Ocean currents are usually characterized by instabilities, meandering and eddy shedding at different spatial and temporal scales. The East Australian Current (EAC) is a southern hemisphere western boundary current, closing the subtropical gyre in the South Pacific. Its temporal variability is associated with eddy-scale, seasonal, interannual, decadal and climate scales, however little is known about time scales on the order of days. Resolving these fine-scale structures in time and space requires high-resolution observations, as they are often too small to be captured by altimetry (see Figure at right).
The study led by Amandine Schaeffer of the University of New South Wales used the surface current measurements from the ocean radars, in conjunction with data from IMOS moorings, and satellite observations. It was the first time, to the authors knowledge, that the characteristics and motion of frontal eddies in a western boundary current have been systematically observed at high resolution.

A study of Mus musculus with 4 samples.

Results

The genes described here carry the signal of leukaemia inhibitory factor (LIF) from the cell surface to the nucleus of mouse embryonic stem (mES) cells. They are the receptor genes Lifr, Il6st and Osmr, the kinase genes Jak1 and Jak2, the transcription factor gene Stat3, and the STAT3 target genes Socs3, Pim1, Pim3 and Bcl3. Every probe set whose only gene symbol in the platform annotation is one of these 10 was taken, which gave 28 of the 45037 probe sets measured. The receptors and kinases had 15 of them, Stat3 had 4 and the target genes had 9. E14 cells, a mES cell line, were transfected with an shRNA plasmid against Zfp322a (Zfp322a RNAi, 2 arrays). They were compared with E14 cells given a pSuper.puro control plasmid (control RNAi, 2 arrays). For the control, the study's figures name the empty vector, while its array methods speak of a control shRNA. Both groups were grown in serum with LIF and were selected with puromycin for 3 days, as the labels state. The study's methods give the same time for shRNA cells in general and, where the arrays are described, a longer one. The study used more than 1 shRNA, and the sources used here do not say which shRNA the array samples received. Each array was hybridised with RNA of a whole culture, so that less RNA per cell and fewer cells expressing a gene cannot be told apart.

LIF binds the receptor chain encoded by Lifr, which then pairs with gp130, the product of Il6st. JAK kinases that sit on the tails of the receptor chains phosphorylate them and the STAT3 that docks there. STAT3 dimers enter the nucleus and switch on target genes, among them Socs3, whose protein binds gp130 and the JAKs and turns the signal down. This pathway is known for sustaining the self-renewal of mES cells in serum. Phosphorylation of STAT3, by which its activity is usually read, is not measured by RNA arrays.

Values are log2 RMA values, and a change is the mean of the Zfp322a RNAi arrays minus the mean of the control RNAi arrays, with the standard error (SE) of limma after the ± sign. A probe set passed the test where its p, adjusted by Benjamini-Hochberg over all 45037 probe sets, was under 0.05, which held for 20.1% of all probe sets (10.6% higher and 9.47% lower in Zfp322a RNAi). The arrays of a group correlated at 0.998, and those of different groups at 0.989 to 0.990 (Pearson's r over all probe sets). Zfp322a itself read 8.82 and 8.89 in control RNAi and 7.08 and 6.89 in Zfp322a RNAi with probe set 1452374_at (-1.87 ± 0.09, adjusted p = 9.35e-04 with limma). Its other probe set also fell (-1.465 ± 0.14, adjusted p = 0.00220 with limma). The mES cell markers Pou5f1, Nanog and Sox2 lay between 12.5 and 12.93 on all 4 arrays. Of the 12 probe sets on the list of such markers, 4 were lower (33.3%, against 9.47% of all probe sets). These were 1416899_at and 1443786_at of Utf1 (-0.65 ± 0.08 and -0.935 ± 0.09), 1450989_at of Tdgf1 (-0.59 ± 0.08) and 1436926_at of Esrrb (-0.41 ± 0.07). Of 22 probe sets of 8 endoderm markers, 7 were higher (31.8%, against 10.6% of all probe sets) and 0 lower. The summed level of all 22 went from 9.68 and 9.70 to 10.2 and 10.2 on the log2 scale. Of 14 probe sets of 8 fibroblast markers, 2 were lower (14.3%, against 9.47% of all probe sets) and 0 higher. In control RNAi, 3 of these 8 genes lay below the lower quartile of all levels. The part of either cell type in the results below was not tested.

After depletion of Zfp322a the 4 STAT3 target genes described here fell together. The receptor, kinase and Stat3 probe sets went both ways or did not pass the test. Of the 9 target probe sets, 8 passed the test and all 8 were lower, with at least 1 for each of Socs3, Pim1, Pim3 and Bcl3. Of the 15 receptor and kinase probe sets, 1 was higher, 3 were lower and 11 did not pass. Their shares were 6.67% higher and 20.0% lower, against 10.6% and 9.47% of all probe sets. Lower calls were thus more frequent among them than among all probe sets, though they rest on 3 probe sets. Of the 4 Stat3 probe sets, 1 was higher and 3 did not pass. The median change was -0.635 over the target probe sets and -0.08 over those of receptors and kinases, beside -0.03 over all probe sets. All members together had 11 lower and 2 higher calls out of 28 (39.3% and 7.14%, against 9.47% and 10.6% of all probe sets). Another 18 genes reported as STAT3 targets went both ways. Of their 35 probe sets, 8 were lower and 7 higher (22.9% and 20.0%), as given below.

The results of the study show that cyclonic eddies occur frequently along the EAC on average every seven days over the year. Cyclonic frontal eddies that are associated with the EAC meanders during weak wind stress propagate downstream with speeds of 0.3-0.4 m s-1. While frontal eddies propagate through the radar domain independently of wind stress, upfront wind can influence their stalling and growth, and can also generate large cold core eddies through intense shear.
The cyclonic frontal eddies are a major mechanism for the transport and entrainment of nutrient rich coastal or deep waters, influencing physical and biological dynamics, and connectivity over large distances.
To read the full paper:
Schaeffer, A., A. Gramoulle, M. Roughan, and A. Mantovanelli (2017), Characterizing frontal eddies along the East Australian Current from HF radar observations, J. Geophys. Res. Oceans, 122, doi:10.1002/2016JC012171.